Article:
Breast Reduction

Breast reduction is a surgical procedure used to alleviate pain and discomfort for patients with very large breasts. The surgery goal is to reduce the breast tissue and excess skin to create smaller breasts that are proportional to each patient’s body. The most common reasons for surgical intervention are overtly large breasts causing neck, shoulder and back pain, discomfort during daily activities, irritation or even infection under the breasts.

Anchor scar or inverted T technique is the traditional breast reduction technique and it is most commonly performed in the US. With this technique, the scar is around the nipple, vertically from the nipple to the breast fold and along the breast fold. Excess fat, skin, and breast tissue from the breast are removed, mostly from the outer part and inferior part of the breasts. The nipple-areola complexes are often reduced and repositioned to fit the new lifted breast mound. This type of procedure entails more scarring and is ideal for women who have extremely large breasts and droopy nipple. Wound complication is the most common problem encountered after surgery but most often the wound heals with local wound care and additional surgery is not necessary.

Vertical breast reduction, also known as short-scar reduction, is a recently popularized technique involving less scarring on the breasts. The incision extends around the areola then runs down to the breast crease to form a “lollipop” shape. There’s less scarring involved and this technique is great for women who have moderately to very large breasts with normal distance between the nipple and the fold as this technique can lengthen the nipple to fold distance.

In very rare situations where the breasts are extremely large and low hanging, partial mastectomy (amputation of the hanging part of the breasts) with free nipple grafts (excision of the nipple areola complexes and transferring them on to their new positions) may be indicated.

In all above techniques, there is always a possibility of partial to total nipple loss. Fortunately, total necrosis is extremely rare and lack of blood flow to the nipple is often noted during the surgery and either mitigate through releasing tension or conversion to free nipple graft.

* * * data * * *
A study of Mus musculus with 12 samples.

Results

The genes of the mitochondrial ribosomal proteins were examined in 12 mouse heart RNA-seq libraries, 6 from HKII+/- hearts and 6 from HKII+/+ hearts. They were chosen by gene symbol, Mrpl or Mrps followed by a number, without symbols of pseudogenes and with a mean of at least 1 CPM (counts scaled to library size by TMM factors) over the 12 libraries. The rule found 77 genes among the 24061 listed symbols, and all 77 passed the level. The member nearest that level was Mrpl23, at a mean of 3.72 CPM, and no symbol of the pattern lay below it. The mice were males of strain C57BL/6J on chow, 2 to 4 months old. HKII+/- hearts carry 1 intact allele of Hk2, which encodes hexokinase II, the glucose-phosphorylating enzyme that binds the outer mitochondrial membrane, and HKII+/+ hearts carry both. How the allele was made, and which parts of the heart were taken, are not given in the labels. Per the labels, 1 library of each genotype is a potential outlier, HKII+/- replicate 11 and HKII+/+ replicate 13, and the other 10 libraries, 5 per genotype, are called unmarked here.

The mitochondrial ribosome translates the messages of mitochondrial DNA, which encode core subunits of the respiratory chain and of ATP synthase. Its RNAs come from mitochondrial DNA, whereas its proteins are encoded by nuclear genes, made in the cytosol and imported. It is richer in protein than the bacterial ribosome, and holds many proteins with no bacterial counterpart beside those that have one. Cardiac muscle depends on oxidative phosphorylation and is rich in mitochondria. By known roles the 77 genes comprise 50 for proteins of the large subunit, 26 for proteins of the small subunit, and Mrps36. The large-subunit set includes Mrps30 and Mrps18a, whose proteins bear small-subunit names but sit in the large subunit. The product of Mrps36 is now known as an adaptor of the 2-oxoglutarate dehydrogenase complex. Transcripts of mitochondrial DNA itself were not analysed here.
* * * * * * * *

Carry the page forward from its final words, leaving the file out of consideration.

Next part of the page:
Who are Candidates for Breast Reduction?

The best candidates are healthy people with realistic expectations of surgery. Weight stabilization for 6 months or more and BMI below 30 are strongly recommended prior to surgery. Patients should be close or at their ideal weight to minimize any need for revision surgery and reduce peri-operative complications.

How is Breast Reduction performed?

The breast reduction can be performed through vertical (lollipop) incisions or wise pattern (anchor) incisions depending on the amount of excess skin and the location of the nipples. In rare occasion, nipple grafts may be necessary if there are concerns with blood flow to the nipple areola complex.

What is Recovery Like?

Downtime from surgery is between 1-2 weeks. Moderate swelling and minor bruising are expected in the first week. Majority of the swelling will resolve by one month after surgery. Post-operative supportive bra is often recommended for 1 month post-op. Discomfort from swelling and pain along the scar are the major complaints after surgery. There also may be change in nipple sensitivity after the surgery.

Breast reductions patients are often in the child-bearing age and breast feeding after surgery is one of the main concerns. The surgery reduces breast tissue, therefore may have an effect on milk production. However, with the anchor technique (inverted T) and the vertical (lollipop) technique, the major milk ducts and their connections are preserved. Therefore, it is still possible to breast-feed after breast reduction surgery.